EL PASO, Texas (Border Report) – Eleven Arizona county sheriffs are urging their state’s congressional delegation to fight increased illegal immigration and fentanyl smuggling by hiring more immigration judges and resuming border wall construction, among others.

The law enforcement officers on Tuesday voted unanimously to support draft federal legislation prepared by Gov. Doug Ducey’s office aimed at bolstering security all along the U.S.-Mexico border, which is seeing a record number of migrant encounters and fentanyl seizures.

“In Arizona, we will secure our border. We will protect public safety. We will not back down,” Ducey said at the meeting with the lawmen. “We will fight this fight until Washington, D.C. finally acts.”

In October and November, U.S. border agents in the Yuma, Arizona sector apprehended more than 44,500 illegal migrants, a 2,400 percent increase over the same two-month period in FY 2021. 

In December, Ducey ordered the National Guard to Yuma after thousands of migrants came across in the space of a few days, overwhelming local law enforcement and emergency services responders.

That’s in the southwestern part of the state. In the east, closer to the border with New Mexico, sheriffs have been dealing with more migrants and more drugs coming across from Mexico.

Security cameras catch a group of migrants wearing camouflage and carrying large backpacks cross the U.S. border near Cochise County Arizona. (photo courtesy Cochise County Sheriff’s Office)

Cochise County Sheriff Mark Dannels said the smuggling activity is imposing a financial burden on rural communities. “It is hurting us,” he said.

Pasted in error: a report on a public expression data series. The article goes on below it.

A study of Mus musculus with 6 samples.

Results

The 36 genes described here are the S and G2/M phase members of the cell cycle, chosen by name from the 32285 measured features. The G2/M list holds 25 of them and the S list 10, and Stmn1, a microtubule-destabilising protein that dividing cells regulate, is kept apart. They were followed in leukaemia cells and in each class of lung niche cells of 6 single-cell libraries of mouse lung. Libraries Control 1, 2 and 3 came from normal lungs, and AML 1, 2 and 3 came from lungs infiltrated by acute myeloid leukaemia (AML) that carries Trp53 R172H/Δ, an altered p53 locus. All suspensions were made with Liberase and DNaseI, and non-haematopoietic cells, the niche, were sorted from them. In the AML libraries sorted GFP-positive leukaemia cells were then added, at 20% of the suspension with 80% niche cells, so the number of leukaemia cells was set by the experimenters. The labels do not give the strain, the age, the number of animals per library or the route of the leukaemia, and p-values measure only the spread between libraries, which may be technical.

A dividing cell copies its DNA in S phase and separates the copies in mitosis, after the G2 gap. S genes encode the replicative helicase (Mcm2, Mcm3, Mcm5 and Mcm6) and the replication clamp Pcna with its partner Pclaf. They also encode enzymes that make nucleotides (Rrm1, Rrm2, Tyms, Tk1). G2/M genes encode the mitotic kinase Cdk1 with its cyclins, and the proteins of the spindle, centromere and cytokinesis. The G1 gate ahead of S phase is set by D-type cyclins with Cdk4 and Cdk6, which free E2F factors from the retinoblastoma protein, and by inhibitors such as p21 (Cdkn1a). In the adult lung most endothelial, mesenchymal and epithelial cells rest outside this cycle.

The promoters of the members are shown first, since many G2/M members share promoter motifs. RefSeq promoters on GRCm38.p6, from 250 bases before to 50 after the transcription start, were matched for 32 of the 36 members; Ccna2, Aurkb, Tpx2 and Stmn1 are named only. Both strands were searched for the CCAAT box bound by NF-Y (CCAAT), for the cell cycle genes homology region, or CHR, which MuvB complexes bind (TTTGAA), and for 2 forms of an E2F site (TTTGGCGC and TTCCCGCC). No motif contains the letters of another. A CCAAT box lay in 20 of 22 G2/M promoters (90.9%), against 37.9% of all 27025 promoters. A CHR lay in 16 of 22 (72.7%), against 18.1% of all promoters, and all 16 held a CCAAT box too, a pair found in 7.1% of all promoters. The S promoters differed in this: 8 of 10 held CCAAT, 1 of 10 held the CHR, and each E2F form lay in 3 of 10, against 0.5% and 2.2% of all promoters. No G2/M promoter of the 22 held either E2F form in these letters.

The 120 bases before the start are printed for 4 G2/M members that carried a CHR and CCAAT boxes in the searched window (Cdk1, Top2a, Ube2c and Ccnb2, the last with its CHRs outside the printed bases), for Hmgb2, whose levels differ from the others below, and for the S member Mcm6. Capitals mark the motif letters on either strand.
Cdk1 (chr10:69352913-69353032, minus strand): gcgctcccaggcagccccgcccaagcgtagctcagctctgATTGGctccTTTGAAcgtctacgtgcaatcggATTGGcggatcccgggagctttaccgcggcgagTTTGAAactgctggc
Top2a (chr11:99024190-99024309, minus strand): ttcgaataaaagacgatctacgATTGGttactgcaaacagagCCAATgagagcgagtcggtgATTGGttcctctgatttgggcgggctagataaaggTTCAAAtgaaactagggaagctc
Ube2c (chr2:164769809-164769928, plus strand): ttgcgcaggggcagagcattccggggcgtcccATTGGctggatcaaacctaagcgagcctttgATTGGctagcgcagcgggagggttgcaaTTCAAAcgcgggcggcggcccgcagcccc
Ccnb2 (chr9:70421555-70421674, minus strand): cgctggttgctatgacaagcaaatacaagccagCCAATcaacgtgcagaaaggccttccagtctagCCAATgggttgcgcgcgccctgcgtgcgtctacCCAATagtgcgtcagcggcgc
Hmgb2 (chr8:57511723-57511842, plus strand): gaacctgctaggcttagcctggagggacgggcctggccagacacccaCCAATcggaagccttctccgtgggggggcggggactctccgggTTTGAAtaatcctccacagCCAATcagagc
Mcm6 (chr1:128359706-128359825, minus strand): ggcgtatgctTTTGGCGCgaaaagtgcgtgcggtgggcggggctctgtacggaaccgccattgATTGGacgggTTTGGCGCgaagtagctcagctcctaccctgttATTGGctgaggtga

Dannels earlier took Border Report on a tour of border cities including Douglas and Naco, where members of the Sinaloa cartel have taken over control of migrant smuggling across the border. The sheriff showed photos of migrants dressed in camouflage and combat-style boots in some cases carrying large backpacks presumably with drugs.

Ducey in his State of the State address this week called on Democratic U.S. Sens. Mark Kelly and Kyrsten Sinema, as well as the House delegation from Arizona, to work with his administration in addressing what he calls a public safety and humanitarian crisis on the southern border.

In fiscal year 2021, U.S. officials seized 2,633 pounds of fentanyl and 19,572 pounds of methamphetamine at Arizona’s southern border. “Dangerous transnational criminal organizations continue to profit from the border crisis, while continuing to flood our communities with drugs,” Ducey said.